Today’s Bible Reading: Isaiah 33:10-36:22; Galatians 5:13-26; Psalm 64:1-10; Proverbs 23:23
Although God allowed Assyria to destroy Israel and taunt Judah, that did not mean He condoned their behavior. He allowed them to do this for Israel and Judah’s own good. But then He destroyed Assyria because of their actions (Isaiah 33:10).
God lets people make decisions. More often than not, those decisions are terrible, selfish decisions that hurt other people. But God uses that evil to discipline another person or group of people. Then He will discipline those who did the evil by allowing evil to be done to them. All of life is a brilliant plan of God to bring people into a relationship with Him that is fueled by human being’s sinful nature – an inexhaustible fuel source.
God’s plan is never to ultimately destroy. All discipline is followed by restoration (Isaiah 35). Whether it is after Israel’s defeat by Assyria or Judah’s defeat by Babylon or even after the Great Tribulation (which is still to come) God will restore. God does not get a kick out of bringing disaster into our lives. He knows that our lives on this earth are temporary and, from an eternal perspective, meaningless. We will spend virtually all of our existence in eternity. And that is God’s priority. Not our health. Not our wealth. God is concerned about those things. But He is not more concerned about them then He is about our eternity.
I like the picture of the Highway of Holiness in Isaiah 35:8-10. Becoming “holy” is a process, not an event. It takes time – a lot of time – to travel that road. But notice that the road has a toll booth. To get on this road you must belong to God. You must accept Jesus Christ as your savior. That is the only way to get to the ultimate destination God has for us and enjoy the many blessings along the way.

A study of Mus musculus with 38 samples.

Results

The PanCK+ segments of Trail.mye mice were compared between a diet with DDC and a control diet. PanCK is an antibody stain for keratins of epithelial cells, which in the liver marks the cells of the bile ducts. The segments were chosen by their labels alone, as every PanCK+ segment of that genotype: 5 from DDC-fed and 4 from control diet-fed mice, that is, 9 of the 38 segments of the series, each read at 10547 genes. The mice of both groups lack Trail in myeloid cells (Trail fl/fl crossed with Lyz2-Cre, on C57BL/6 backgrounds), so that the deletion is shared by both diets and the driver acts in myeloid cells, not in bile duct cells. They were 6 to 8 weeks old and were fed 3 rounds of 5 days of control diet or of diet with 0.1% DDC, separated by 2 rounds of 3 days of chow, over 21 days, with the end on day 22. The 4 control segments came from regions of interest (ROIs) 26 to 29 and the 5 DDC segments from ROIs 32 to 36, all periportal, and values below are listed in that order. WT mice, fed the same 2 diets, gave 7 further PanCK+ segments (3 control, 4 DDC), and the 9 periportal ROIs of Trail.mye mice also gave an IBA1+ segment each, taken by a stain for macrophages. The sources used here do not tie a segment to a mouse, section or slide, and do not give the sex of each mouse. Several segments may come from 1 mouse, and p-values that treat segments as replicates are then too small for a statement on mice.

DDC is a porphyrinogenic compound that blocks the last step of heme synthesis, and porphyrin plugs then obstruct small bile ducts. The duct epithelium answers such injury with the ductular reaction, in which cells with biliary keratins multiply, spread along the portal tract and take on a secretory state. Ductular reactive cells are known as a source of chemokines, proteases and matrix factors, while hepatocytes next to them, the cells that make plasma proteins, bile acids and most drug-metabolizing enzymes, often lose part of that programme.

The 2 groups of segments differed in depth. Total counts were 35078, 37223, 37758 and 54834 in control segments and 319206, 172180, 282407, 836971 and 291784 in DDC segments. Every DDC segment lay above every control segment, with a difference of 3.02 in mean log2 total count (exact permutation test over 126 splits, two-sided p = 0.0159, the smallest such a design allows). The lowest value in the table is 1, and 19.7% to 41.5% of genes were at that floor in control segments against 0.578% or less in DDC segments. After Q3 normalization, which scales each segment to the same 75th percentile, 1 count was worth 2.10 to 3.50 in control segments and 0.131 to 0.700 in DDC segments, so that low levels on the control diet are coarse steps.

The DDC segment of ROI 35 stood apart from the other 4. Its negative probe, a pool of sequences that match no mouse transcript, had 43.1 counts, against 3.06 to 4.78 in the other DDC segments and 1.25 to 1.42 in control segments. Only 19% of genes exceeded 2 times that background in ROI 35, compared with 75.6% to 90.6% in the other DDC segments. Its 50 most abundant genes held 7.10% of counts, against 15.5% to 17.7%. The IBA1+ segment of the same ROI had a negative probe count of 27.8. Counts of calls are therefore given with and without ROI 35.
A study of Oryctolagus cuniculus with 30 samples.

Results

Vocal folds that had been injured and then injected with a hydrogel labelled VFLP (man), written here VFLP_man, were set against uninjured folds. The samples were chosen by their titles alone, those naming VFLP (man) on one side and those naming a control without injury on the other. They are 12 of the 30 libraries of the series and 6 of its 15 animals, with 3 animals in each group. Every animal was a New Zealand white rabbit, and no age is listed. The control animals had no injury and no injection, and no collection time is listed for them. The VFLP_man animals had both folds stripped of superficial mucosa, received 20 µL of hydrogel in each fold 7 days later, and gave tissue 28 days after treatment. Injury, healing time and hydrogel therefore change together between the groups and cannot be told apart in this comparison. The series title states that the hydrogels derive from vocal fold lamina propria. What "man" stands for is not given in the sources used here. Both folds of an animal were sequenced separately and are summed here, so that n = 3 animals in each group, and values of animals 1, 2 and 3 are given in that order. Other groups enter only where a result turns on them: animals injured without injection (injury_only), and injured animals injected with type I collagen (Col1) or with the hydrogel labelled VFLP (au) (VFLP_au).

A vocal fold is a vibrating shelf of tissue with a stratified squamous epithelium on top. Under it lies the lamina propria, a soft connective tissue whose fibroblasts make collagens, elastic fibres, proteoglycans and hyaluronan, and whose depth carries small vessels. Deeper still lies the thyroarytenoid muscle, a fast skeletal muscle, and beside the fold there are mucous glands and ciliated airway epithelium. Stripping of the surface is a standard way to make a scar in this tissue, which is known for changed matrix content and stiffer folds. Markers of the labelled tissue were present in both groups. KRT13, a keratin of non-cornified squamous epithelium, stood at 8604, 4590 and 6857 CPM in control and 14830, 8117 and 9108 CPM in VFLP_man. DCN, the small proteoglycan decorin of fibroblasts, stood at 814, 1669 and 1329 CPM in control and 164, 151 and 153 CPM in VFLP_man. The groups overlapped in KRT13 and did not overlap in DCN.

Isaiah 36 begins a section by the prophet Isaiah in which he gives a historical account of what was going on in Judah at the time he gave all these prophecies. We’ve already read this account in 2 Kings 18 and 2 Chronicles 32.
Just like the commander from Assyria, Satan will use deceptive logic to get us to do something we should not do. Satan’s words always have a bit of truth to them – he was right that Judah should not rely on Egypt (Isaiah 36:5-6). But Satan only gives us a bit of truth to draw us into his subsequent web of lies. The only way to know what is true is to know God’s word and rely on Him 100% of the time. He is the only one who has our best interests in mind.
One of the criticisms against being saved by grace is that it creates a license to sin. If God has forgiven all my sins, why not just keep on sinning? Paul addresses this question in our passage in Galatians today.
Certainly we have the freedom to sin – we’ve had that freedom since the day we were born – but once saved we no longer have to live that way. We now have the freedom to live unselfishly, as Jesus did (Galatians 5:13). Jesus had more freedom than anyone who ever lived. Yet He didn’t use that freedom to serve Himself (which is essentially what sin is). He used His freedom to serve others.
The way we achieve this is to let the Holy Spirit direct us (Galatians 5:16). Only born-again believers have the Holy Spirit (who is God in the 3rd person of the Trinity) living in them. By following the leading of the Spirit we can truly love others more than we love ourselves.
Notice that the Holy Spirit gives us desires that are contrary to our human nature (Galatians 5:17). We will live a never-ending battle on this earth – constantly torn between the sinful desires of our natural self and the holy desires of the Spirit. We can choose which we will follow.
Anyone who intentionally chooses to follow the flesh will not enter heaven (Galatians 5:19-20). Obviously, as sinful people believers will screw up on occasion. Based on the verb tense of the original Greek, Paul is not talking about such a lapse in judgement. We all follow the flesh at times. What Paul is talking about is having an ongoing attitude that says “If God is going to forgive me I might as well sin”. Such a person is not truly saved, is not a child of God, and therefore has no claim to God’s inheritance.
One of the great things about the Bible is that we can all relate to it. In Psalm 62 David is under tremendous verbal attack from his enemies who entice each other to harm him. We’ve all been there. Its painful. David experienced this pain too. His response was to talk to God about it (Psalm 62:1). God will protect us (Psalm 62:7).